As a writer and reader of young adult (YA) literature, I find it is impossible to ignore the rise of traditional masculinity within new, adolescent heroines. In the 21st century, readers have seen the rise of supposedly strong female characters—heroines who carry assault rifles and avoid their emotions. By relinquishing their emotions and their flaws, these heroines have sacrificed the qualities about themselves that initially made them appear so interesting. My desire to see more realistic heroines like myself developed into a creative fiction project that follows and acknowledges the voices of feminine heroines. I call these protagonists “female strong.” My project—a collection of linked short stories—is peopled with the types of heroines that are severely lacking in YA novels and in the film industry. In my own short stories, I have embraced the narratives about young women who are both strong and emotional. I wanted to create memorable female characters that the reader could root for simply because of their feminine strength, even if their flaws were naivety, or lack of confidence, or even if they failed to achieve their resolution in the end. Female-strong characters are vital because they present a view of women who aren’t purely fantasy; they are placed in the real and are feminine, too. In other words, they don’t have to be a gorgeous, knockout model who can kick butt; instead, they can derive strength from their intellect, or their intuition, or perhaps even from their emotion.


The Aster Trilogy: The Staff of Vanadu


My thesis is a creative project. It is a full-length fantasy novel, the first in a trilogy, with the first draft being over 80,000 words. The novel is about a girl named Aster in a world called Aevenora. She is nineteen. Her father just died, giving her a rock-like object with his last breath and telling her to bring it to her great-grandmother, who lives on the other side of Aevenora. Aster and her friends, who join her on her way to her great-grandmother's, are fighting against the Underground throughout the novel. The Underground is a group of people dedicated to regaining wealth, technology, unity, and power that Aevenora had a millennium ago, in the Golden Age. But they have a sinister side to them: they force all magic users (including Aster) to join their cause or die. A theme throughout the novel is Aster's struggle with death. From her mother's death at a young age, to her father's death, to using self-defense and killing humans herself, Aster wonders what the point of death is and why people she loves have to die. This struggle is one philosophers have long grappled with, and one I hope to provide a philosophical answer to by the end of the trilogy. Because novel-writing is a long and involved process, I am submitting only the first draft as my thesis. It is not yet publishable, but I will spend a year or two revising it, then send it to agents and hopefully publish it. I request the embargo option, so that the first draft of the novel will not be released until I have completed the final draft and sent it to agents.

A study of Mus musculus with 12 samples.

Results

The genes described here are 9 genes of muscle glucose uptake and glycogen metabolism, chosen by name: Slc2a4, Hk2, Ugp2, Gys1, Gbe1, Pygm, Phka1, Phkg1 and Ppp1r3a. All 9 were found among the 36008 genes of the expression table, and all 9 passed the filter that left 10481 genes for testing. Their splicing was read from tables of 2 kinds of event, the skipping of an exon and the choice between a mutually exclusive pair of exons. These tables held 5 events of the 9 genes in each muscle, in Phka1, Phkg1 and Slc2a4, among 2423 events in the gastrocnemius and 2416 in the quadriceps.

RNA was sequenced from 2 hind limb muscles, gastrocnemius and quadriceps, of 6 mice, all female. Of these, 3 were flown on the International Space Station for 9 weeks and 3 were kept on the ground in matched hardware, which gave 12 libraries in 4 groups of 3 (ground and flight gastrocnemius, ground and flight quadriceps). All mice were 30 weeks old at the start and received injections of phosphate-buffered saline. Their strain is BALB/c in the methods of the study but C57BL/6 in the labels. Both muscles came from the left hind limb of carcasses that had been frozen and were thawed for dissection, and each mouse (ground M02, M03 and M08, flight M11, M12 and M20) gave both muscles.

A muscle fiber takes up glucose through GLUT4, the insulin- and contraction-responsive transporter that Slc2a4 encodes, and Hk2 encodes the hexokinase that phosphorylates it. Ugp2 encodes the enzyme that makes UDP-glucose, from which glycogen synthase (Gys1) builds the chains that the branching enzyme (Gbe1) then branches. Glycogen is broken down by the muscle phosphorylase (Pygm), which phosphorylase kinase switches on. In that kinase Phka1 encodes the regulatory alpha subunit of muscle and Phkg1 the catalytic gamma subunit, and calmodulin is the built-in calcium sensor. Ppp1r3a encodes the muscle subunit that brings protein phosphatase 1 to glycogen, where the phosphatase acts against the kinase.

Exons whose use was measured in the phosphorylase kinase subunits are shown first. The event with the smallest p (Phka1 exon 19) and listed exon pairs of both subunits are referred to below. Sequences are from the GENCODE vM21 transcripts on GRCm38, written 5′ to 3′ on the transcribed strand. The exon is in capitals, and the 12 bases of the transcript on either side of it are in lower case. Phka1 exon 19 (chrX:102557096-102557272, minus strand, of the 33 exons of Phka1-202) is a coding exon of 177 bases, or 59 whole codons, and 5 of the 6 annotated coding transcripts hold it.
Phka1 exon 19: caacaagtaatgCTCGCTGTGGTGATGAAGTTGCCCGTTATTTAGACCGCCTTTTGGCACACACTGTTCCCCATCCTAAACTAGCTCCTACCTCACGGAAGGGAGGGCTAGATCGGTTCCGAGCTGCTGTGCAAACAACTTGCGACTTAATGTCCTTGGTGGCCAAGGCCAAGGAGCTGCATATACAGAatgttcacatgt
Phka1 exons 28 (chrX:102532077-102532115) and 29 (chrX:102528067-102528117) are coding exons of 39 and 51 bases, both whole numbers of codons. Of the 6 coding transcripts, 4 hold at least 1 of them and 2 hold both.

This paper focuses on feudalist structure and values within this system in George R. R. Martin's fantasy novel series A Song of Ice and Fire and Shakespeare's play King Richard the Third. The paper is structured into three arguments that focus on different characters from each work. The first argument is focused on Tyrion Lannister and Richard III's deformity, and how they violate feudalist values. This argument ultimately comes to the discussion of whether or not these characters are monstrous and by what values. The second argument is focused on Daenerys Targaryen and Margaret, discussing why both authors give these women a supernatural power. The authors give women these powers because they believe that women should have power. Martin argues that women need to remake the structure, while Shakespeare believes women can change their place in the structure through collective action. The last argument focuses on Petyr Baelish and Richard III, and how they both represent a chaos attacking feudalism. Petyr is a chaos that comes outside the system, exploiting the values of the system, while Richard is a chaos within the system because he violates feudal values, while trying to hold positions where he needs to embody feudalist value. The authors come to different conclusions of what is trying to take down feudalist structure and how this could be fixed. Martin finds feudalism cannot be fixed and that other systems are not much better because they still create violence. Shakespeare comes to the conclusion that feudalism cannot be fixed because people continue to violate its values, so a new system must be put in place.




This creative project is a reference document explaining the fictional fantasy world of the in-progress novel Veil Us in Gold by Shepard Adkins. Using the framework of the anthropological concept of placemaking, I describe three countries featured in the manuscript, including information on history, government, daily lives, and more. These descriptions were influenced by collaboration with Adkins and historical research on Ancient Rome, Ancient Greece, and Enlightenment Russia. After completing the reference document, I interviewed Adkins to see how our collaboration in worldbuilding has shaped the revision process of their novel.